5 questions to ask when building a “shoppable service” strategy
Innovative health systems are redefining their approaches to the market
By Betsy Block | 3 minute read | December 31, 2019
For several years, there has been a growing trend of consumerism in healthcare. To help inform patients about their options as consumers, the Centers for Medicare and Medicaid Services (CMS) ) finalized policies around price transparency, including making public the payer-specific negotiated charges for common “shoppable services.”1
The final regulation from CMS will require hospitals to publish charges for 300 shoppable services – 70 specified by CMS2 and the remaining 230 are at each hospital’s discretion. Generally, we recommend that it is important to know relative pricing for the 70 CMS-specified services. For systems that want to take an early lead in their markets, they might want to narrow that list to three or four services that matter most to consumers in their markets and focus on delivering those services in the most cost-effective way possible.
A few key questions can help organizations identify the right areas of focus and build a shoppable services strategy, including:
1. Which shoppable services are in most demand with consumers in your market?
First, health systems must have a deep understanding of the consumers in their primary service areas. They must gather data to help them segment populations, not just by demographics and zip codes, but by their behaviors, lifestyles and decision-making patterns. Understanding consumer price sensitivity is also important; a recent health poll of U.S. healthcare consumers recently found that 80% of respondents would switch providers or facilities to save money on a $1,000 imaging procedure.3
2. Where else can patients get the service?
Health systems should be aware of their competition. If there are already health systems or independent for-profit operators in the community who lead the market in terms of pricing and accessibility in a shoppable service, it might be more worthwhile to focus elsewhere.
3. What are the costs associated with delivering this service?
Traditionally, hospital pricing strategies focused on finding high-volume, high-margin procedures, which springs from an environment where there is variability in pricing. However, price transparency may begin to force one market price, or median reimbursement rate, for each service. This means that providers will need to understand what their internal costs are and either deliver more efficiently or let someone else provide the service.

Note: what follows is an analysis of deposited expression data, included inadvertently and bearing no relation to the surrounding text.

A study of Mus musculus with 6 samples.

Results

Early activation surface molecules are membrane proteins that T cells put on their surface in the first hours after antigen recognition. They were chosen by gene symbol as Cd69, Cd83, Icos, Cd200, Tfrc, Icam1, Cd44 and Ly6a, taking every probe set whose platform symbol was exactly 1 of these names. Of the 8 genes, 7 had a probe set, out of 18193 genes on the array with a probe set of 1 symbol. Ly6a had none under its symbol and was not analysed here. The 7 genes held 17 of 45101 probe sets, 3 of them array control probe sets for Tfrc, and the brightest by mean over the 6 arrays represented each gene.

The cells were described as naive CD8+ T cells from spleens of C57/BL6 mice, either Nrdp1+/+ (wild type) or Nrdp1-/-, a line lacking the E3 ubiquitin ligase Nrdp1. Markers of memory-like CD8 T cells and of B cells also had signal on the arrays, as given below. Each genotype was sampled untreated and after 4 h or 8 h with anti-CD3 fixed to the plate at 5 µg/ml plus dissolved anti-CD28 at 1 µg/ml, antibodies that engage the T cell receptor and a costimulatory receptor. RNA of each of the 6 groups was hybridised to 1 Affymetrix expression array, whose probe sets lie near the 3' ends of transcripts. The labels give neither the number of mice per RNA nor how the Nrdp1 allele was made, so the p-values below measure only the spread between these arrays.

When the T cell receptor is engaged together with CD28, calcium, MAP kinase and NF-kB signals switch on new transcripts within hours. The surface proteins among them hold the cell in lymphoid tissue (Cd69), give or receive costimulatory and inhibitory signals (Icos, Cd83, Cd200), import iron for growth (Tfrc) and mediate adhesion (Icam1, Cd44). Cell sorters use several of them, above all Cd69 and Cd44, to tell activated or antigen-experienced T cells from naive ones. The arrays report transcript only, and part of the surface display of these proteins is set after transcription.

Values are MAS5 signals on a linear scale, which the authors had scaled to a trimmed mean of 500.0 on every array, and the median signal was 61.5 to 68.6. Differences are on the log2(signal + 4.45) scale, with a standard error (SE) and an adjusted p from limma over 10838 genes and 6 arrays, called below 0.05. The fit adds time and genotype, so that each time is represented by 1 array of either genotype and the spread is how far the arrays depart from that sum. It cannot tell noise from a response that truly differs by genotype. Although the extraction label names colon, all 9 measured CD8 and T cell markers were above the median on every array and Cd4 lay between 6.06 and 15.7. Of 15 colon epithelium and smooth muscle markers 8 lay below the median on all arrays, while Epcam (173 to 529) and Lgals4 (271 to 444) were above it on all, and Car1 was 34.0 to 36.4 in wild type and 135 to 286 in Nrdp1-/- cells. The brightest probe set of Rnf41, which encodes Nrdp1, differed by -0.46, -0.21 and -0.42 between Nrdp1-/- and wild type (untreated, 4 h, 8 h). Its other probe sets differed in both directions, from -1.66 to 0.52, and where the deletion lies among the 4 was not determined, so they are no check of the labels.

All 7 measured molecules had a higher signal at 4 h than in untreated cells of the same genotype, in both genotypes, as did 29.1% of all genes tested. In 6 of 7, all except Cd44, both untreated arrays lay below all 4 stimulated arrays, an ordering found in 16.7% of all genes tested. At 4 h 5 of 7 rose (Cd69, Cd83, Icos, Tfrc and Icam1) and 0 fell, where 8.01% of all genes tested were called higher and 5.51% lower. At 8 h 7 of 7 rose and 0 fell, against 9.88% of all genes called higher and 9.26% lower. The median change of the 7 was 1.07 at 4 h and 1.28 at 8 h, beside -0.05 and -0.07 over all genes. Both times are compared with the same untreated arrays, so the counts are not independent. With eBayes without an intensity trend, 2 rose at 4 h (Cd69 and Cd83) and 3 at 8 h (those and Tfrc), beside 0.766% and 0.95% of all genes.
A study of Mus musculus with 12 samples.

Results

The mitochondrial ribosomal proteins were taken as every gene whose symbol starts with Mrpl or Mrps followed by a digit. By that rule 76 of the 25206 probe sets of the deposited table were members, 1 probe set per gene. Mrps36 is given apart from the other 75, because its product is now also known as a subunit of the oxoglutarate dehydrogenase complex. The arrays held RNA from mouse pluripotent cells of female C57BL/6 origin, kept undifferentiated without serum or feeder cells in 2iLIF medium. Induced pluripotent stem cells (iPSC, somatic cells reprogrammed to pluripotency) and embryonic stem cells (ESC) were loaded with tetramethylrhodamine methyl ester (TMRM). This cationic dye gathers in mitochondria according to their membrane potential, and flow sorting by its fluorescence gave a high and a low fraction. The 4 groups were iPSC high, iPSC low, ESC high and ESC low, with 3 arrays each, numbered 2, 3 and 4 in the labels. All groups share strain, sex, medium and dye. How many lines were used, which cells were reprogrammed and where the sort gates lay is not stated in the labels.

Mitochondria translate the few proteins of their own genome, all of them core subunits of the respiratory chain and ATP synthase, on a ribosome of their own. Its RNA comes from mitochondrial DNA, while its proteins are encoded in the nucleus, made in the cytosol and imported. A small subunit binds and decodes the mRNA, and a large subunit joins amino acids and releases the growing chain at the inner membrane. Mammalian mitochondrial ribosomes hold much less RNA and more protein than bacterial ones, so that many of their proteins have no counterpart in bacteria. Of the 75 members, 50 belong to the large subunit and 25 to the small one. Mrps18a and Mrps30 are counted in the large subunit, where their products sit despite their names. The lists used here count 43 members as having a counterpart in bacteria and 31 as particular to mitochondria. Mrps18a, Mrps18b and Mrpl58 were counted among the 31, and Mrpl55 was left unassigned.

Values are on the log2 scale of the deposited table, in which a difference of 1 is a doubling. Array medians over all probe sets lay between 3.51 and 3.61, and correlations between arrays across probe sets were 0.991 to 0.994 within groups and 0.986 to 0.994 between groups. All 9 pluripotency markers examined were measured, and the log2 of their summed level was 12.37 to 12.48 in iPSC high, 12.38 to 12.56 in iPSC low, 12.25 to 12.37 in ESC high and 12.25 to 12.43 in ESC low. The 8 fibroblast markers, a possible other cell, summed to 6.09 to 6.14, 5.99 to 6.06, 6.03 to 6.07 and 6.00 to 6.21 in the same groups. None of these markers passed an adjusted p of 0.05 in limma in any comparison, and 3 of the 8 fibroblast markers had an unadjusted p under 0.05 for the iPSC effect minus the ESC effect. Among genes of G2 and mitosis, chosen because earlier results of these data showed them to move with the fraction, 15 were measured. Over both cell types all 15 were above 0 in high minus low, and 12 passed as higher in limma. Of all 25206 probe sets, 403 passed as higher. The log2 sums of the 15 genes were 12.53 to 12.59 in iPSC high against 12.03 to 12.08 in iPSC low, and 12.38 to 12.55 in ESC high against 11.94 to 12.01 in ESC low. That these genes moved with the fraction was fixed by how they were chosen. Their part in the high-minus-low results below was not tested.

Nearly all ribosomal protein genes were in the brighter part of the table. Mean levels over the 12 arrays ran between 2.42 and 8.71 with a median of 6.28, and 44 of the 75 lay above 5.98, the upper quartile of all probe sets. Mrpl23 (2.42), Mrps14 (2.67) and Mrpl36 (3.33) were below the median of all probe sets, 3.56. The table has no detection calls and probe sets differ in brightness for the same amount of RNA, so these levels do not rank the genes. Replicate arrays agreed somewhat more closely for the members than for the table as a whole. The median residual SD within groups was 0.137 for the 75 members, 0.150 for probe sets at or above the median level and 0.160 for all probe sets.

4. What factors affect the consumer experience with the service?
Top-quality doctors. Lower wait times. Convenient locations. Affordability. Speedy results. These are just a few of the factors that affect the consumer experience with each service. If a health system wants to become the best, easiest and cheapest place in the community to get a mammogram, for example, it needs to think through the entire experience for the consumer. Knowing an organization’s capacity to provide the service – where it is most available and efficient – can help pave the way for a more positive consumer experience.
5. How can we best align the organization behind the service?
In the early days of online shopping, some retailers set up an internet-based storefront but failed to develop the logistic support needed to succeed with e-commerce. Disruption of a market demands more comprehensive changes to the business model. Instead of the finance team setting rates with little input from other departments, the system must consider market demand and consumer health behaviors which are traditionally known by the marketing and planning team, as well as operational capacity and throughput which are clinical metrics. Health systems must break down silos and align for the best results.
Answers to these questions can help health systems select the services that work best for their consumers and their organizations. The move toward price transparency is disruptive for health systems, and it will come with its share of challenges and potential unintended consequences. But I believe there is cause for optimism for those health systems that adapt quickly and build data-driven, consumer-centered strategies.
- CMS defines shoppable services as, “…services that can be scheduled by a health care consumer in advance. Examples of shoppable services include x-rays, outpatient visits, imaging and laboratory tests, or bundled services like a cesarean delivery, including pre- and post-delivery care.” https://www.cms.gov/
- https://www.hhs.gov/ Table 3 – pp 190-192
- IBM Watson Health PULSE Survey 2019. Sample size = 3,019 U.S. healthcare consumers, Sample date: Nov. 1 – Nov. 15, 2019, Margin of error +/- 1.8%.